The differences between halls and private accommodation

When it comes to looking at where you’ll live as a student, most people choose between university halls of residence or private student accommodation. Here are some of the key differences to look out for.

How do I choose university accommodation?

There’s no one correct way to choose where you live. There are lots of variables – like your budget, where the accommodation is located and how modern it is – so think about what’s most important to you. Use the UCAS accommodation search to see what halls are available at the unis you’re interested in – and take a look at any info your chosen university can provide about local private accommodation too.

Here are some questions to inspire your accommodation search, and if you’re wondering how other students decided where to live, feel free to have a chat with students who are already at uni.

1. Do you have to stay in halls for the first year of uni?

This varies – some universities have more halls than others. You might spend multiple years in halls, or maybe no time at all. Usually you’ll find places in halls fill up quicker than places in private accommodation, but there’s usually a lot of accommodation available at universities – so think about what you might prefer.

You can find out more about each university you’re interested in by checking the info they have on their website about accommodation.

2. Who do you want to live with?

Halls – usually your housemates are allocated by your university. Though you may be able to state a preference on your application if you have any requirements or you’d like to live with someone you already know.

Private – you may be able to choose your own housemates in private accommodation, e.g. if a few of your friends are going to the same uni. A lot of students go into private accommodation in their second year, when they can choose to live with people they’ve gotten to know during their first year. Or if you end up applying for accommodation later on the application cycle – and as a result there are no more places in halls left for your first year – you may be able to join with other students who are going straight into private accommodation.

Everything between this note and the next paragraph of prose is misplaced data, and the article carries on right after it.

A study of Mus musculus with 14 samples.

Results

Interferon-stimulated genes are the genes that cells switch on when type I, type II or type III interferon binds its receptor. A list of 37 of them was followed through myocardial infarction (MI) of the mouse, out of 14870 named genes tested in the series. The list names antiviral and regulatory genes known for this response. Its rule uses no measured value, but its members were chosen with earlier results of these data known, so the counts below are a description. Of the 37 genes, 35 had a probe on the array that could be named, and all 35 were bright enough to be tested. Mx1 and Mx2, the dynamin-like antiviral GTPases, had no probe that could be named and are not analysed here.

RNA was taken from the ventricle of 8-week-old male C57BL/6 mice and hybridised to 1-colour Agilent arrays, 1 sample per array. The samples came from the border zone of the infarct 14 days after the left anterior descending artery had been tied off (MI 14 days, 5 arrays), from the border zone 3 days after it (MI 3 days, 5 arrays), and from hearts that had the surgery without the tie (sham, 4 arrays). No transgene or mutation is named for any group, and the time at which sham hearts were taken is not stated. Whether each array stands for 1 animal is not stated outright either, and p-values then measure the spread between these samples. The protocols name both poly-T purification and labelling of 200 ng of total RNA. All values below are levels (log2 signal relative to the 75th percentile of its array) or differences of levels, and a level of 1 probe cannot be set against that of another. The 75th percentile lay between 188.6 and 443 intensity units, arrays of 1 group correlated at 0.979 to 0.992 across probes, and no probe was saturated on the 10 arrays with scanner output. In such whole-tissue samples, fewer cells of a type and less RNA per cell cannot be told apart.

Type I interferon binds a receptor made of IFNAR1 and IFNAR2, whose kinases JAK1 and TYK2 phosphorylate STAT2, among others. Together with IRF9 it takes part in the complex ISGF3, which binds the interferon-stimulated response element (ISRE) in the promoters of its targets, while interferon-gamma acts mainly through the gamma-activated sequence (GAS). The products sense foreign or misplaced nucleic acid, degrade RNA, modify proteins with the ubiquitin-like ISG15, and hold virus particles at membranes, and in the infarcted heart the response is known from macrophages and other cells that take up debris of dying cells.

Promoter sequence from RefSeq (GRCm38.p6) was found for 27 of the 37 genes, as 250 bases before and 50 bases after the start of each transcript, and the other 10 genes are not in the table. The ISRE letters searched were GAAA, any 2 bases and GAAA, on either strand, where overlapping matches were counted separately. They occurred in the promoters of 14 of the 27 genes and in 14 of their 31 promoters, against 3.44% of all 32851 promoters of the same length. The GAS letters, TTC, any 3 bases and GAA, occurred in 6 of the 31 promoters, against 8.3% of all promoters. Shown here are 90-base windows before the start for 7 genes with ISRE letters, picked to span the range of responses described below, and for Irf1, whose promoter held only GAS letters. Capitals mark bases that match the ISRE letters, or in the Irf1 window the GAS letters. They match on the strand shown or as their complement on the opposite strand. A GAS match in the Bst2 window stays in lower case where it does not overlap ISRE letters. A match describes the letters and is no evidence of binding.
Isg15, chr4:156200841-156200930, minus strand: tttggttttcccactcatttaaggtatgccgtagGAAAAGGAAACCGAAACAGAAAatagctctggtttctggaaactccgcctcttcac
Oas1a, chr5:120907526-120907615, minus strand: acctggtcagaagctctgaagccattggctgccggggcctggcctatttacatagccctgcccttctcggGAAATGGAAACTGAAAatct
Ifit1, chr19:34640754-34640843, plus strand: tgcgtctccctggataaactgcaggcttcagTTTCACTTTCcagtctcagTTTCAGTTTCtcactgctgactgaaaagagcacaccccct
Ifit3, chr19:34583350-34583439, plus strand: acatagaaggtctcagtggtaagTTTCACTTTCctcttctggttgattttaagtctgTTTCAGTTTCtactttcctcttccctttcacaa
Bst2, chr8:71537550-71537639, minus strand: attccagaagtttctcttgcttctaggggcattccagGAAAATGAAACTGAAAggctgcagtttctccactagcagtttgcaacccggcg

3. Where do you want to live?

Halls – are often located on campus, or nearby, or with direct student transport to your campus (with student-friendly rates). Or your halls might be closer to the town centre than your campus is – or they could be tucked away somewhere quieter, but containing its own amenities (like a shop, refectory, Students’ Union bar – maybe even a gym and sports court).

Private – student houses or flats could be situated anywhere in town really – from family-friendly neighbourhoods to lively areas with nightlife or entertainment venues close by.

4. How long do you want to live there?

Halls – usually have lengths of tenancy that match the academic year. This might be September to June for example, and then you might move back home for summer before returning to university. Your university might offer different lengths of tenancy though – get in touch with them to find out more.

Private – tenancy lengths vary for private student accommodation. You may be able to stay for a full calendar year if you wanted to remain in your university town or city over the summer. Or you might be able to live in the same place for multiple years if you’re happy with the property and the people you live with.

5. What shared spaces would you like?

Halls – you’ll either have a shared bathroom or your own en-suite shower room. You probably won’t have any outdoor space that’s exclusive to you and your housemates. But you might have a courtyard or green spaces outside that are shared with other student halls – or your halls might be right on campus.

Private – you’ll probably have a shared bathroom and a private garden or courtyard, which could be great if you like growing things, barbecues or spending time outside.

Ok, what should I do next?

Have a look around! Imagine yourself living in different kinds of accommodation. And make sure you visit or take a virtual tour of your accommodation options so you can envisage what it’ll be like.